Confidence Inconsistent with Retirement Savings

More than two-thirds of workers (68 percent) say they are very confident or somewhat confident that they will have enough money to live comfortably in retirement, but almost the same percentage of workers say they and their spouses have accumulated less than $50,000 in retirement savings, according to the Employee Benefit Research Institute.


However, about two-thirds of respondents said they and their spouses have accumulated less than $50,000 in retirement savings ( excluding the value of their primary home and any defined benefit plans). Half of workers ages 55 and older have less than $50,000 saved for retirement, according to the survey.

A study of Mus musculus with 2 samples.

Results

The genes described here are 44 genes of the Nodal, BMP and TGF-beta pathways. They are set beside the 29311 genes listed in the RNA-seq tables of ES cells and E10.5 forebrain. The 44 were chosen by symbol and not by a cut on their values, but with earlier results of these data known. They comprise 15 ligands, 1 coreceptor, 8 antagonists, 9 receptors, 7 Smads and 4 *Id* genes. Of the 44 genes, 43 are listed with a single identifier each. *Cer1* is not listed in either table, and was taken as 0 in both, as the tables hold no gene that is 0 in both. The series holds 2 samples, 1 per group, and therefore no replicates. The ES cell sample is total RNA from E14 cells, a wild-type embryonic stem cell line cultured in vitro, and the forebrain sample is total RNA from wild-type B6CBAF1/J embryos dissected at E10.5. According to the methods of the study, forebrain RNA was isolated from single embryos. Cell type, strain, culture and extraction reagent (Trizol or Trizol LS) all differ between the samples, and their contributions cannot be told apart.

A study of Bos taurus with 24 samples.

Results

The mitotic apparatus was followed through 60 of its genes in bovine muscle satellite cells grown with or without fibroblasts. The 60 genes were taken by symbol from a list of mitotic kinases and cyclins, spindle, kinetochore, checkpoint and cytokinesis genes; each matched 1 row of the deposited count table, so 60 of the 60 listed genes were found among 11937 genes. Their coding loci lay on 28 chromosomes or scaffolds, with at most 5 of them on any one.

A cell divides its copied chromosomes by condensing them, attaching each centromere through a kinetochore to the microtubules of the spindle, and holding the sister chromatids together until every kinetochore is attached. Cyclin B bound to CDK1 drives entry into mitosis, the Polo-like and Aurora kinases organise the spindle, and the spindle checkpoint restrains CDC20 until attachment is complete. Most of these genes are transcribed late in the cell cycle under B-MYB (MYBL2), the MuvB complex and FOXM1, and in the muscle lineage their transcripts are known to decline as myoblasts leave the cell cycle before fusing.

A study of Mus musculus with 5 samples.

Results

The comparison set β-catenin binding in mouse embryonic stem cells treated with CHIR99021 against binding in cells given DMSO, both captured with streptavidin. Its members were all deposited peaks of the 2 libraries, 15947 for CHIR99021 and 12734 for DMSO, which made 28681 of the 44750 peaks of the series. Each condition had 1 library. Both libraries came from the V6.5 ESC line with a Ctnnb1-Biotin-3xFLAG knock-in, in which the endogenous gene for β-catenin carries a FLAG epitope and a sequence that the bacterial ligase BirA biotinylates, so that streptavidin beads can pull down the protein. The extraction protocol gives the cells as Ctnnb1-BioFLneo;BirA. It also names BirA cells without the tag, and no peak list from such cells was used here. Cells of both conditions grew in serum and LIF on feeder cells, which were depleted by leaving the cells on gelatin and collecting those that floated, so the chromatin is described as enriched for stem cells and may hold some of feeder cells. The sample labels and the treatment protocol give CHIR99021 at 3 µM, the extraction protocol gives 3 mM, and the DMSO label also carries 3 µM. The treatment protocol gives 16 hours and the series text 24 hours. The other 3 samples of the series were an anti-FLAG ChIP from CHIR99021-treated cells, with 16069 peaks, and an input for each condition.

The survey found that many workers are counting on employer-provided benefits in retirement that are increasingly unavailable. Only 40 percent of workers indicate they or their spouse currently have a defined benefit plan, yet 61 percent say they are expecting to receive income from such a plan in retirement.

The survey also asked about workers' support for automatic enrollment in a 401(k) plan for boosting participation in a retirement plan. About two-thirds of employed workers favor automatic enrollment for new employees, according to the survey. A slightly smaller portion support automatically increasing the percentage of salary contributed when a pay raise is received (65 percent).

About half of respondents said their employer provided retirement education. Of those, almost a third (29 percent) report modifying their retirement planning as a result of the material they receive.

EBRI conducted the survey in January among 1,252 individuals ages 25 and older.